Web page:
Simon and Jenkins’ ‘Neverboy’ Finds Its Oddball Groove When The Drugs Run Out
The imaginary friend isn't a super-prevalent trope in comics, but it's been deconstructed enough in some very good comics that it's hard to believe that something shockingly new can be done with it. Morrison, Gaiman, and Moore are all fans of the device; Jamie McKelvie's Suburban Glamour, God's appearances in Marjane Satrapi's Persepolis, Foster's Home For Imaginary Friends, and more.
Despite the territory that's already been covered, Shaun Simon and Tyler Jenkins have hit a hidden deposit in Neverboy, in which an unyoked imaginary friend takes drugs to stay in the real world. It's a clever idea, and it's definitely never been done before, but where Neverboy really strikes gold is when the drugs run out.
The titular character in Neverboy is an imaginary friend clinging on to existence long after his creator has moved on. It's not quite clear how drugs tether him to this plane (when you're talking about an imaginary friend, you probably don't need to know if the chemistry makes sense), but they do, and when the supply runs low, law enforcement from the imaginary realm come to take Neverboy back to the world of the unreal, threatening to rip him away from his wife and son.
Neverboy follows through on the novelty of the hook with smart twists, compelling stakes, and an undeniably tragic and likeable protagonist. He's a mercurial, complicated character who shifts in your perception throughout the story, both in his relationships wife his family and the way Jenkins draws him. He seems to modulate between straight and jonesing, real and unreal.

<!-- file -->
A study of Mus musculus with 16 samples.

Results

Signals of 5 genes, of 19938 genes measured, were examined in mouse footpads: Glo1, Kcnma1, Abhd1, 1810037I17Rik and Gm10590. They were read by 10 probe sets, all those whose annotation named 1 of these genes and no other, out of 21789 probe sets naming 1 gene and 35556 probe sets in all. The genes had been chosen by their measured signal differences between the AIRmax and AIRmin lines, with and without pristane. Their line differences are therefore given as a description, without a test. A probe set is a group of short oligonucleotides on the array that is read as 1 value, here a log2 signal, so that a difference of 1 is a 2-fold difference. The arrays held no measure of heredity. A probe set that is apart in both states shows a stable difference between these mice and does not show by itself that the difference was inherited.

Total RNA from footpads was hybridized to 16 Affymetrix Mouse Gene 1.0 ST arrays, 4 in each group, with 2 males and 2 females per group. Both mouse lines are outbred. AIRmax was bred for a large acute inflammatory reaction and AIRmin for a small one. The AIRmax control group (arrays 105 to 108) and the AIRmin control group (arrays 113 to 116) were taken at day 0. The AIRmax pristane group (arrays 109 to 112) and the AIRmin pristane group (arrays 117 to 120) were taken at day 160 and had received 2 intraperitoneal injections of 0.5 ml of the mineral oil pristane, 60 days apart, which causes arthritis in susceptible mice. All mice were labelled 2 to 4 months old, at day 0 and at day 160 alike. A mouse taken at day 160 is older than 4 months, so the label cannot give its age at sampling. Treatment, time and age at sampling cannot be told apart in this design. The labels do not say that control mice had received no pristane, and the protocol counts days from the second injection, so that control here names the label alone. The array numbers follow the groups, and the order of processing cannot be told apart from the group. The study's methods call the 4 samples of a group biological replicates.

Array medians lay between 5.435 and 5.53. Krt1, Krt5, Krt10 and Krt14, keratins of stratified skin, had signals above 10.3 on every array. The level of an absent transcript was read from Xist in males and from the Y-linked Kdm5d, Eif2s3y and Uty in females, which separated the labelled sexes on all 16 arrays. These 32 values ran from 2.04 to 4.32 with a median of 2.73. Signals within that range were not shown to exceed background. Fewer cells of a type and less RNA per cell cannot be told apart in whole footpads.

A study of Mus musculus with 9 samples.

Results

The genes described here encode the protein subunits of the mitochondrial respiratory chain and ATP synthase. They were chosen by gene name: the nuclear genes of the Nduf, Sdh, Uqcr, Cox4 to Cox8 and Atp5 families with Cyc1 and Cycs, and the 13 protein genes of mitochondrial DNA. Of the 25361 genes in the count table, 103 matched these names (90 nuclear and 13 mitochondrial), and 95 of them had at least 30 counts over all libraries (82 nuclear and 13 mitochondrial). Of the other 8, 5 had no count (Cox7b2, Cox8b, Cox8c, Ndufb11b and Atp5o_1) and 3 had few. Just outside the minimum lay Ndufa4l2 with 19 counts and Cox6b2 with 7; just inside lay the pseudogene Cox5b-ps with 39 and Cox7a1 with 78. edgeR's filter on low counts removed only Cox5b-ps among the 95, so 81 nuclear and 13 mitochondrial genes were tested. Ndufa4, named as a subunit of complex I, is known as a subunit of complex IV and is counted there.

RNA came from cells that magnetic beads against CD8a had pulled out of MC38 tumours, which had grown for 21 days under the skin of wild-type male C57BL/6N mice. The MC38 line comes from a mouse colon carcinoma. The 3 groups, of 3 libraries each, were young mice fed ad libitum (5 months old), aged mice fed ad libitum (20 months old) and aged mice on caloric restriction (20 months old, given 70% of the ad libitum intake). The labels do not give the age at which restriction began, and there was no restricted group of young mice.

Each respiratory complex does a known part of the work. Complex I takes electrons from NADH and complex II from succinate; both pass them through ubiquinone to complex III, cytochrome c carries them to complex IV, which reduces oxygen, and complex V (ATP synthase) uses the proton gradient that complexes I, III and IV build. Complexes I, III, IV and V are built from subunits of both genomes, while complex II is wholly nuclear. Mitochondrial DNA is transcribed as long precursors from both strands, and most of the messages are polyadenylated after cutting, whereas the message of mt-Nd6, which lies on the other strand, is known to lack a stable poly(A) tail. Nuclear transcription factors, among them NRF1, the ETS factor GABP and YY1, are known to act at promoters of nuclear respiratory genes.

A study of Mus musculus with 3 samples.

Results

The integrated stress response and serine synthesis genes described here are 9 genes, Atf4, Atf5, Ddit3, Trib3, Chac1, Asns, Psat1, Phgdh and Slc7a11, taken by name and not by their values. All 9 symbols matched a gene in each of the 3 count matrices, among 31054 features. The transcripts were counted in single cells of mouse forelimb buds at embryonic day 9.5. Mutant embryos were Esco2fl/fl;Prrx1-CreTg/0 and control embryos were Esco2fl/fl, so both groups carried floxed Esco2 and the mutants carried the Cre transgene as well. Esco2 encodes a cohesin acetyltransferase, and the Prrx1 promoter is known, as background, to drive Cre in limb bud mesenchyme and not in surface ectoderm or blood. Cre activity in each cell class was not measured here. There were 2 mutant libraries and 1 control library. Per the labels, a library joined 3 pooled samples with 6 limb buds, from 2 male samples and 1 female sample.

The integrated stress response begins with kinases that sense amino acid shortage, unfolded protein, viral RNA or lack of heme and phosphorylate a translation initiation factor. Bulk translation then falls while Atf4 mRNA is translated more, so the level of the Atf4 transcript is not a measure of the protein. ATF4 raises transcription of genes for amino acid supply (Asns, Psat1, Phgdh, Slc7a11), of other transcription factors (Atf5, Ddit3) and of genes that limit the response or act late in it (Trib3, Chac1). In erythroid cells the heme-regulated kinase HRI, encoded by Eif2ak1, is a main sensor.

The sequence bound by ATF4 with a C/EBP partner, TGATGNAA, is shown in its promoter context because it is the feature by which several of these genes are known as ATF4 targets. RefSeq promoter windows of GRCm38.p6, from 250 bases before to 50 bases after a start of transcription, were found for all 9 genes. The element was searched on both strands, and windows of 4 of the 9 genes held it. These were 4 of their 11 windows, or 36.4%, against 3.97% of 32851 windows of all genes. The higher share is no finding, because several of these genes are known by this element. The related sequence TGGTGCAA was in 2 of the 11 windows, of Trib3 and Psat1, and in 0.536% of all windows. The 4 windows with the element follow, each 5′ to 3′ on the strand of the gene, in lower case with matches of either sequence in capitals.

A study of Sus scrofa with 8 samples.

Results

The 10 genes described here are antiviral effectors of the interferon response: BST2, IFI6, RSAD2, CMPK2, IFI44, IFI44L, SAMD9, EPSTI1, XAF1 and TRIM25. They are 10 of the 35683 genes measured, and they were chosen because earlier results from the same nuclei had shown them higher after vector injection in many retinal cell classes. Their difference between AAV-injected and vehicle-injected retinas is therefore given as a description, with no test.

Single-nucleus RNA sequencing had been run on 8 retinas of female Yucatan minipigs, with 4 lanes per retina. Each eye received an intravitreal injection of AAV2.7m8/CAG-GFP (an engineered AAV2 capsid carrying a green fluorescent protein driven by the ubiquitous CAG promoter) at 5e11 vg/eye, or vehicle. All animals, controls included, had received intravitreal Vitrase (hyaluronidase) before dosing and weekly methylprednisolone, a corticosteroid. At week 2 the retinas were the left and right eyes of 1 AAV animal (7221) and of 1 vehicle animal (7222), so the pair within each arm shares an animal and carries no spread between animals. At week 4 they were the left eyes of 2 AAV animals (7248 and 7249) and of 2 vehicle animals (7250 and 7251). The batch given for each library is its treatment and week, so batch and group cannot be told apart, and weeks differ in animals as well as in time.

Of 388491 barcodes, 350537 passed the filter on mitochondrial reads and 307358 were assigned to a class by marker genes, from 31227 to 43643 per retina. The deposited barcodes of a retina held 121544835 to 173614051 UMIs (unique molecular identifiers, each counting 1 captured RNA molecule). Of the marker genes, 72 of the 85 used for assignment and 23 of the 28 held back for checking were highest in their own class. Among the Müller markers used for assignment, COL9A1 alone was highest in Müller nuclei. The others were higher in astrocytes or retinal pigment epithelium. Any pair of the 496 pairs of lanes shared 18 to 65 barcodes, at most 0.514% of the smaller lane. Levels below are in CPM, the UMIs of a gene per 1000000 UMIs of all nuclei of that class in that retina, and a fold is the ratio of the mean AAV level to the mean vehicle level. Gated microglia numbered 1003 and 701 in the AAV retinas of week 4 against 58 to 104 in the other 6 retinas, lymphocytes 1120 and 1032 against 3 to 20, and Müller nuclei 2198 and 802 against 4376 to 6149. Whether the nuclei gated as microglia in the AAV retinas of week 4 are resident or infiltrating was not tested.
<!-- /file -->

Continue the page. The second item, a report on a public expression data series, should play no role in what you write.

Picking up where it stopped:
When Neverboy first appears, he looks like Charlie Sheen in Ferris Bueller's Day Off, or even Charlie Sheen in real life, scrounging for pills in an emergency room. With his wife Rachel, and especially his son Ben, he's the perfect family man, and an especially doting and attentive father. I wish there had been more scenes with the family, actually, because that dynamic is what gives Neverboy such strange pathos when it all comes crashing down.
Then again, more might have been too much. Shaun Simon takes a clever concept and delves into emotionally charged areas like death and denial from a completely new angle. The minimalist cartooning of Tyler Jenkins imbues the world with a loopy magical realism, and the subtly oddball colors of Kelly Fitzpatrick provide the final smear of lipstick on Neverboy's screwy smile. Smart and weird, hopeful and sad, I can hardly imagine (nailed it!) a better beginning.